Thursday, February 14, 2019

Fathers and children

A lot of rhetoric about looking after children is about hitting them (miss understanding of Proverbs 13:24). But here it is in the New Testament:

Compare some scriptures about fathers and children: What father gives his son a stone? (Matt 7:9); and how are we to care for our children? (Eph 6:4); (Col 3:21). And an example of it: 1 Thess 2:11.

Further on the Proverbs passage from Thomas Haller:
Through a closer examination of the Hebrew word for “rod” (shebet) one can see that in the Hebrew dictionary it has various meanings, a stick for walking, writing, fighting, ruling, and punishment. The word “shebet” is most frequently used when referring to shepherds who are tending their flocks. The Shepherds used the stick to fight off prey and to gently guide wandering sheep, not to beat them. Please remember that these verses come from a book of poetry. Writers of poetry use familiar words of the day to represent concepts that the people to whom they are writing can create an image of what they are writing about. The image that we are to extract from these verses in Proverbs is one of creating a culture of accountability. The point that God is making is that we as parents are to hold our children accountable for their choices and actions.

Saturday, February 9, 2019

Cooking it up

Brenton Cook, in his somewhat OK article Hume's Guillotine makes some interesting comments which, to my mind, betray a misunderstanding of the doctrine of Creation.

A few quotes:

Ex. 1 Divine Command
Ex. 1
The Divine Command Theory at work? The problem is that this does not go to the heart of the matter. Murder is not 'wrong' becuase God says so. God tells us it is wrong because in a fallen state we are not able to live out our 'image-ness' and be in harmony with God who is love. It is not part of basic reality (shown in the Trinity) that one murders another. This is inconsistent with the first ontological step. That God (in three persons) is love and is always, without beginning or end. To murder is to turn your back on how God is and thus how we truly are, under the besmirching of sin. It is to participate in 'not-God-ness'.

Ex. 2 Begin with the Personal
Ex. 2
As I alluded above, Christianity almost begins with the personal basis of reality. I say almost because that is rather abstractly philosophical. The Christian begins with God in three persons who is love. The loving relational basis of reality!

Ex. 3 Paternal Command Theory

Ex. 3 
Only a Calvinist would choose this illustration! Read the extract, then read Philippians; try 3:7-16.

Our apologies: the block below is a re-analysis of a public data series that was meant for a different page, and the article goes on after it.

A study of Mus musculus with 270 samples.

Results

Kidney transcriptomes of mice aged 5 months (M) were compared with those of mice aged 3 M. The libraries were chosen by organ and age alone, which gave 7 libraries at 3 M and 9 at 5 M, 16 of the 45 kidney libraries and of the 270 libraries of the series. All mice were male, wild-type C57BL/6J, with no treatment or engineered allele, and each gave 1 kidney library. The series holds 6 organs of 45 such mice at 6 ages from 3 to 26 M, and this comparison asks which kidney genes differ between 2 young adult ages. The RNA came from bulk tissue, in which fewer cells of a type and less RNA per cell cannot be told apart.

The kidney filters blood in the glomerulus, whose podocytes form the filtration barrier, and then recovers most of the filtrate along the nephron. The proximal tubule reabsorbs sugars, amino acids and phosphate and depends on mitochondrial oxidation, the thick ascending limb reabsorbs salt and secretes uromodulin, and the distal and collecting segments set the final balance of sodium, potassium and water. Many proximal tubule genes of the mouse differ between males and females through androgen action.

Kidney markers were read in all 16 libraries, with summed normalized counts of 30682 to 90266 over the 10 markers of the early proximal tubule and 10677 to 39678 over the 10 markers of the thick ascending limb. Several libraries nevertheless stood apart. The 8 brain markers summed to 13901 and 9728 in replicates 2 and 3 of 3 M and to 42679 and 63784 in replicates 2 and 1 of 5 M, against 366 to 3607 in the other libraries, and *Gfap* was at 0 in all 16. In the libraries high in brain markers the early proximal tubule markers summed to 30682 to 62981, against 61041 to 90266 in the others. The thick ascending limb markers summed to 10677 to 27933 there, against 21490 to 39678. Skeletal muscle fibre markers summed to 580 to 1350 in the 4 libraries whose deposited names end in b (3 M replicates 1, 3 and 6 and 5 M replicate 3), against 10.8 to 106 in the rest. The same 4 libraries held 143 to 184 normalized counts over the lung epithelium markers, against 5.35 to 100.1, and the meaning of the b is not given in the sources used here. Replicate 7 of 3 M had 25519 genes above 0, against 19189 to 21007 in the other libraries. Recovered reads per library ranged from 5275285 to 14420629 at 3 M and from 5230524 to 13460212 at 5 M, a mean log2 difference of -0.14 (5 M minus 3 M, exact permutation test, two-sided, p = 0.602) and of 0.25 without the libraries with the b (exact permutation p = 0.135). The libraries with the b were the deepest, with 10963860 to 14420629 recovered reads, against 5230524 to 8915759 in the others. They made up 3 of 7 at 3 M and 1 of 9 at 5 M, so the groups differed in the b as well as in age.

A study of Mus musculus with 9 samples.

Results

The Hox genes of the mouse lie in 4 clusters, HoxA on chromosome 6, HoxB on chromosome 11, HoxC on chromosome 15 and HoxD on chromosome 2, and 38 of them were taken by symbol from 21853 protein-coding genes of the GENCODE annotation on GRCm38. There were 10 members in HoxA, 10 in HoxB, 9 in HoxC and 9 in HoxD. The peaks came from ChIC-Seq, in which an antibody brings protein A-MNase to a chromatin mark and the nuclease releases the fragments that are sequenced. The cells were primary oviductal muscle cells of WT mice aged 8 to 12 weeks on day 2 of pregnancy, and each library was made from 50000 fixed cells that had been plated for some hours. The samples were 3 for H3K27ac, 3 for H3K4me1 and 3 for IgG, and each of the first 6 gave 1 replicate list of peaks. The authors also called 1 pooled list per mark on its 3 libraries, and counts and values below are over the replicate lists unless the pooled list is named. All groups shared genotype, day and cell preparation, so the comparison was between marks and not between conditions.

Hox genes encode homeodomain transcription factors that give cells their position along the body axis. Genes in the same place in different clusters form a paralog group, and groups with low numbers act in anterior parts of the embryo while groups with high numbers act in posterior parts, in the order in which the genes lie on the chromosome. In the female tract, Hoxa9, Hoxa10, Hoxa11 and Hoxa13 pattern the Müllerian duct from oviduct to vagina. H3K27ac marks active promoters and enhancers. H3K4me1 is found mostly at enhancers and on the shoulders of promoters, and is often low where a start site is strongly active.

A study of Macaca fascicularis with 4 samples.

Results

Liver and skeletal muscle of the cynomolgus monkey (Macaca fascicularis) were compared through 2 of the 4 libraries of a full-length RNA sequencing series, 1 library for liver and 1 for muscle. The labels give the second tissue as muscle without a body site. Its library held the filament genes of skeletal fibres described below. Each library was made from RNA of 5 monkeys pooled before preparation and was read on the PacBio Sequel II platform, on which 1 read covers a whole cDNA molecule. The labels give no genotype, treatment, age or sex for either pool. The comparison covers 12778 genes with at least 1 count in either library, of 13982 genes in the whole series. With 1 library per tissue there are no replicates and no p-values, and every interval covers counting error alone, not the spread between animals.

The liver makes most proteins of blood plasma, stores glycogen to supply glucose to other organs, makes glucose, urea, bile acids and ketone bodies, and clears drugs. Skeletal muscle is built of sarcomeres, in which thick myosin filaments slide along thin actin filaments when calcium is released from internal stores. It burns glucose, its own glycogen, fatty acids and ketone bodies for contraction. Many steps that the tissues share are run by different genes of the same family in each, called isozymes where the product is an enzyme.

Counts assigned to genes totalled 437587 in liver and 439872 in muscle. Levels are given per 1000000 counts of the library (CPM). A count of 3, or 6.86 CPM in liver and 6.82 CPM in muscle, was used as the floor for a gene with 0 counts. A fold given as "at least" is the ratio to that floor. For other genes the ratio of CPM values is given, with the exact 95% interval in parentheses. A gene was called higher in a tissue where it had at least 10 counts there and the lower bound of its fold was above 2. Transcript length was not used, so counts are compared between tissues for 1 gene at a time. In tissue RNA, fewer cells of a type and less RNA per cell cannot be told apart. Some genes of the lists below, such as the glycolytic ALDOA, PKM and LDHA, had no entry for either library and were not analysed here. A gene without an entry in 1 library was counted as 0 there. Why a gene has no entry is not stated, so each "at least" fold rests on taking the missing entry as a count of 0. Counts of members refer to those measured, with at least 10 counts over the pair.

Our relationship with God is completely different from the reflexive Calvinist talks about commands, not love! Compare some scriptures about fathers and children: What father gives his son a stone? (Matt 7:9); and how are we to care for our children? (Eph 6:4); (Col 3:21). And an example of it: 1 Thess 2:11. Simple; we are not to anger or exasperate them. Nothing like the first stop of Calvinism.  For a biblical approach to the example in Extract 3, see my remarks above.

Monday, February 4, 2019

Philosphical apologetics

A starting point for the subject:

Hume's A Treatise of Human Nature (1739) book III, part I, section I
In every system of morality, which I have hitherto met with, I have always remarked, that the author proceeds for some time in the ordinary way of reasoning, and establishes the being of a God, or makes observations concerning human affairs; when of a sudden I am surprised to find, that instead of the usual copulations of propositions, is, and is not, I meet with no proposition that is not connected with an ought, or an ought not. This change is imperceptible; but is, however, of the last consequence. For as this ought, or ought not, expresses some new relation or affirmation, 'tis necessary that it should be observed and explained; and at the same time that a reason should be given, for what seems altogether inconceivable, how this new relation can be a deduction from others, which are entirely different from it. But as authors do not commonly use this precaution, I shall presume to recommend it to the readers; and am persuaded, that this small attention would subvert all the vulgar systems of morality, and let us see, that the distinction of vice and virtue is not founded merely on the relations of objects, nor is perceived by reason.
If you don't get it, leave a comment and I'll enlarge a little on it.

Saturday, February 2, 2019

Lead me where?

In a recent  article on Smart Church Management on team charters the term 'leader' was used.

My comment:

I don't like the term 'leader' in any Christian context. We are led by the Spirit. The term creates an impression of inherent authority which runs against the dynamic of a church. Better 'convenor', 'facilitator', 'organiser', 'administrator'. More humble, more Christian, more community, and more accurate.
I could have added 'minister' as well, or 'servant' to defuse any historical confusion. The age old term that truly and scriptually describes who we relate in the church. Church is not a business, political party, military unit or Boy Scout troop.